Benlysta May Reduce Organ Damage Risk in Lupus Patients

Benlysta May Reduce Organ Damage Risk in Lupus Patients

SLE, commonly referred to as lupus, is a severe autoimmune disease in which the body’s own immune system overreacts and attacks healthy joints and organs through autoantibodies, resulting in inflammation, swelling, pain, disability and often in tissue destruction in multiple organs including the skin, musculoskeletal system, kidneys and central nervous system.

Benlysta (belimumab) from GlaxoSmithKline is currently the top-selling drug in the lupus therapeutic market. It is a human monoclonal antibody that inhibits the activation of immune B cells, which are involved in the overreaction of the body’s immune system in SLE. It is an expensive therapeutic drug, and the first and only drug approved by the U.S. Food and Drug Administration (FDA) for lupus treatment in over 50 years.

In the study presented at EULAR 2015, the research team analyzed data from a cohort of 998 SLE patients, with a mean age of 38.7 years and mean disease duration of 6.69 years. The mean Systemic Lupus Erythematosus Disease Activity Index (SELENA)-Systemic Lupus Erythematosus Disease Activity Index (SLEDAI) of the patient cohort was 8.2, which indicates an active disease that requires therapy. The mean Systemic Lupus International Collaborating Clinics (SLICC) Damage Index (SDI) that evaluates organ damage was of 0.7 (damage is considered when the score is equal or higher than 1). Patients were given Benlysta combined with standard care every four weeks for a period of 5 to 6 years. After this period, 403 patients remained in the trial.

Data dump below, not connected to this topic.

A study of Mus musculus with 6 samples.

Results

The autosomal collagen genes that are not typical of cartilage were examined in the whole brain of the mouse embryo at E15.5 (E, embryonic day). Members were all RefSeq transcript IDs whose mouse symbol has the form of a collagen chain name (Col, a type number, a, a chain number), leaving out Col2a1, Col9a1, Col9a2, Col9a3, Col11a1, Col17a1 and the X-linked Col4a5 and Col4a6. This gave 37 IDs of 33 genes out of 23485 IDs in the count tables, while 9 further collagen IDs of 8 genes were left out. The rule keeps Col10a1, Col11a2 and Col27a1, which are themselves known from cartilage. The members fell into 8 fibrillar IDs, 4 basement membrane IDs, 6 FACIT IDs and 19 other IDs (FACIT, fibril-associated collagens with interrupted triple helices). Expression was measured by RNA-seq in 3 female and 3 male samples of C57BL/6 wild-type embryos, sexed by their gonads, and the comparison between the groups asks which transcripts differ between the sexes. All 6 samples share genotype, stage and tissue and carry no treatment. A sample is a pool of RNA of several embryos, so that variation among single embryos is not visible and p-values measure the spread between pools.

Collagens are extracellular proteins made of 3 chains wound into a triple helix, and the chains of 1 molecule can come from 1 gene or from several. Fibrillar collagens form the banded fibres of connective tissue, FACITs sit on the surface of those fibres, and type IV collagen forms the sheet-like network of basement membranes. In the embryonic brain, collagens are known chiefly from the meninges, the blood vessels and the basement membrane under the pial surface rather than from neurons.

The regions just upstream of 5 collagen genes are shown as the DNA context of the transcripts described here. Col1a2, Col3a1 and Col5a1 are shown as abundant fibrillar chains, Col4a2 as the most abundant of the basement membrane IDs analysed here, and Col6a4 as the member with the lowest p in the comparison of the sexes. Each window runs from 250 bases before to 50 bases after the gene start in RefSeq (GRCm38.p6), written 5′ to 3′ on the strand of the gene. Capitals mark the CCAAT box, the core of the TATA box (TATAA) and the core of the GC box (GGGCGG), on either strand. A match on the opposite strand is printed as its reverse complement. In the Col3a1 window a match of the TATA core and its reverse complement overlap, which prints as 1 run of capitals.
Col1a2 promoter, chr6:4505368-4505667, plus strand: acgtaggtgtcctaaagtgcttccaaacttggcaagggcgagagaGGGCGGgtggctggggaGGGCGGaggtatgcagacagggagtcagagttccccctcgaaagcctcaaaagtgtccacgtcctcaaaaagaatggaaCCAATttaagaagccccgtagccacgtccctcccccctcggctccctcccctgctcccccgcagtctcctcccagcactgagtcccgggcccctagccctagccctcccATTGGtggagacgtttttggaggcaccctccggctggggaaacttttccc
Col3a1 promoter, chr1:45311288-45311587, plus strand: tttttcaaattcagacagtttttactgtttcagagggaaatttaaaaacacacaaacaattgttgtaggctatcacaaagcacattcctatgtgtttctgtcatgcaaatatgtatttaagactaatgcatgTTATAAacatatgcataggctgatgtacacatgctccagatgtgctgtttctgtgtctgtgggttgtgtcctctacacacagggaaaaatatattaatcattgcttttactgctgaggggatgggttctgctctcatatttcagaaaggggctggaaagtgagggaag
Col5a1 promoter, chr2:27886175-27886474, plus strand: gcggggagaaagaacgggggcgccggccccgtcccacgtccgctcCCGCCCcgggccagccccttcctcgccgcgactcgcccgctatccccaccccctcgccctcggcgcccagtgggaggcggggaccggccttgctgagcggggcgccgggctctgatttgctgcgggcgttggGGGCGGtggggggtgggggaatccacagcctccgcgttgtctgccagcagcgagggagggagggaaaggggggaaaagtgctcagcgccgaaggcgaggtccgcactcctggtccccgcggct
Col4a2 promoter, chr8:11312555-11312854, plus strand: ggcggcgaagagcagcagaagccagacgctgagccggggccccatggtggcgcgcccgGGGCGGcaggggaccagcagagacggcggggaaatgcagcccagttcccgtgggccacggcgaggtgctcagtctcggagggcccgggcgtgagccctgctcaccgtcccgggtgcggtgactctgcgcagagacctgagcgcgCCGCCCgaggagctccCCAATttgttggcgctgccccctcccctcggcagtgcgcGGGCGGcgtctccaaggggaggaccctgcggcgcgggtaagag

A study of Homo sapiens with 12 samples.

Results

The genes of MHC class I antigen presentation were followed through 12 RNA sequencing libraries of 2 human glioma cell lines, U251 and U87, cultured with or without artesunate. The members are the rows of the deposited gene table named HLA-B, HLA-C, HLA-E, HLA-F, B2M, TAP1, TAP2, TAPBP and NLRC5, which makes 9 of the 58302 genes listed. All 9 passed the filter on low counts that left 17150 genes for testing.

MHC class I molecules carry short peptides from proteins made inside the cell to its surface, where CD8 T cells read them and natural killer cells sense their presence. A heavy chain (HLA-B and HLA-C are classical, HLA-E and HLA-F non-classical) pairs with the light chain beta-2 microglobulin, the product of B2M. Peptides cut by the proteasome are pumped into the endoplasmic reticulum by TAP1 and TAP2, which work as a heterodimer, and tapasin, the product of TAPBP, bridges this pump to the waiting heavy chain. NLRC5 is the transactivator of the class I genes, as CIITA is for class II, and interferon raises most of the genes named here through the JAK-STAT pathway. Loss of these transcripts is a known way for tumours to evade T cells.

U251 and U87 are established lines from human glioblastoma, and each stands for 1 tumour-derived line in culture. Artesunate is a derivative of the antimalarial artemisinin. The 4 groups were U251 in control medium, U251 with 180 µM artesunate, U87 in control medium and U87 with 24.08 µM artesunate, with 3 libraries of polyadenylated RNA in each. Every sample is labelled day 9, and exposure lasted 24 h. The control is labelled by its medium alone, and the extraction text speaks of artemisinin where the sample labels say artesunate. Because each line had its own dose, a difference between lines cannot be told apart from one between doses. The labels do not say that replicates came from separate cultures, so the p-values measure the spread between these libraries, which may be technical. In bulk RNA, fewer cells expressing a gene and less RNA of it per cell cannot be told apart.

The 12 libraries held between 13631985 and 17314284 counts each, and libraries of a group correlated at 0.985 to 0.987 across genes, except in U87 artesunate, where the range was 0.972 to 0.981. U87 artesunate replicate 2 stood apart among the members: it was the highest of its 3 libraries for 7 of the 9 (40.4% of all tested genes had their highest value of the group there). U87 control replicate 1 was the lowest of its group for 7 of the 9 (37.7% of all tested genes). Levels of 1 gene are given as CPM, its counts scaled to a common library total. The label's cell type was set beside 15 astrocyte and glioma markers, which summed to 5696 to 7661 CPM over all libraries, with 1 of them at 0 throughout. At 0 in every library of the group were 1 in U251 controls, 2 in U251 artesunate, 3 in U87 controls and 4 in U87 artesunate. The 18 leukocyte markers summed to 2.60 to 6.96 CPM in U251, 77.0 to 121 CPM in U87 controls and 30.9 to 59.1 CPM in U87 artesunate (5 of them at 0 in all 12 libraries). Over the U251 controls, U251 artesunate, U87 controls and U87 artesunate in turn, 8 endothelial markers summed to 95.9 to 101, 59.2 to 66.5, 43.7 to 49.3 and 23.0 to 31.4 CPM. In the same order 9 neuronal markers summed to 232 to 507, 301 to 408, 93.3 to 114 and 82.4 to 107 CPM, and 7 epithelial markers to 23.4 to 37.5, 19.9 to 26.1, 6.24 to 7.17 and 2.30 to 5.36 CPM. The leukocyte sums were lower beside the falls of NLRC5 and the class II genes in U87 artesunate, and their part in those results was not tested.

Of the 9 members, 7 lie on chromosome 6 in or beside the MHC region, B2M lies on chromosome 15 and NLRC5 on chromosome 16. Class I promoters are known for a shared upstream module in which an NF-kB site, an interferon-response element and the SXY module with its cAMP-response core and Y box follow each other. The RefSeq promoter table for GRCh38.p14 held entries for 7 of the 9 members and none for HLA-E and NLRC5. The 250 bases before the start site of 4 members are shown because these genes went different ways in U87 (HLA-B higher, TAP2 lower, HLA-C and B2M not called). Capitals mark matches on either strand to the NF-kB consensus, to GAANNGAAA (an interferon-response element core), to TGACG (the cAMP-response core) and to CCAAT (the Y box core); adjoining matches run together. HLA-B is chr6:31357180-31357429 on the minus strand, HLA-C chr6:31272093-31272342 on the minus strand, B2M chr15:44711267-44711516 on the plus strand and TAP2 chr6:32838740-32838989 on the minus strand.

Researchers found that among the final 403 SLE patients, 343 (85.1% of the patients) had no change in SDI score between baseline and after the treatment, with only a mean SDI increase of 0.19. Of the 162 SLE patients who exhibited organ damage at baseline, 132 had no change in SDI score, with a mean change of 0.23. Of the remaining 241 SLE patients who did not have organ damage at baseline, 211 (87.6%) had no change in SDI score, with a mean change of 0.15.

Concerning adverse events, of the 998 initial SLE patients, 43.4% (433 patients) experienced infections, gastrointestinal disorders and opportunistic infections. In the end, 88 patients discontinued treatment with Benlysta, and 13 patients died during or after exiting the study.

The research team concluded that their findings suggest treatment of lupus patients with Benlysta may reduce the risk of organ damage associated with disease activity or with long-term use of lupus therapies.